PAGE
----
Americans are compassionate and rightfully concerned for our friends and neighbors with costly health conditions. That’s why there’s so much support for rules in the Affordable Care Act that prohibit insurance companies from denying coverage or charging higher premiums to anyone due to a pre-existing condition. More than 7 in 10 Americans say these protections are “very important.”
But there’s widespread misinformation and misunderstanding about the scope of the problem of pre-existing conditions and the impact of the ACA’s rules. Most Americans with health conditions, even newborns, were protected from medical underwriting and coverage denials before the ACA passed, either because they were insured through a large group plan, regulated by federal laws that predate the ACA, or through Medicare or Medicaid.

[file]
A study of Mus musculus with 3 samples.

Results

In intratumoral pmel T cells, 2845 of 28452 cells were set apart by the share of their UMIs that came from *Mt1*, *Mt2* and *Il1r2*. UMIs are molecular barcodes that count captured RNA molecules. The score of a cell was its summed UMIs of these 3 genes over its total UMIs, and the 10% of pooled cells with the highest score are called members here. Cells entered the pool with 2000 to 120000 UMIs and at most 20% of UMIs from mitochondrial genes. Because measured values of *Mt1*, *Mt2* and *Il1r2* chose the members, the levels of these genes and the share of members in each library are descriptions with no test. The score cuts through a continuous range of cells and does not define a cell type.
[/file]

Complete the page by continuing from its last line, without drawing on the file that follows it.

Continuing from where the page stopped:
While the ACA’s rules helped a relatively small number of people, they wreaked havoc on insurance markets for everyone else. In fact, they fundamentally changed how health insurance works, from protecting people from unexpected loss to a voluntary (and unsuccessful) attempt at socializing everyone’s healthcare costs.
How has this played out? The ACA rules on pre-existing conditions were the biggest factor in premium increases, imbalanced insurance pools, and insurer exits from the ACA exchanges, ultimately leaving consumers with little or no choice in health plans. There are better ways to help those with pre-existing conditions. Americans should channel our concern for those facing costly health conditions toward a more focused solution that doesn’t come with the harms of the ACA rules.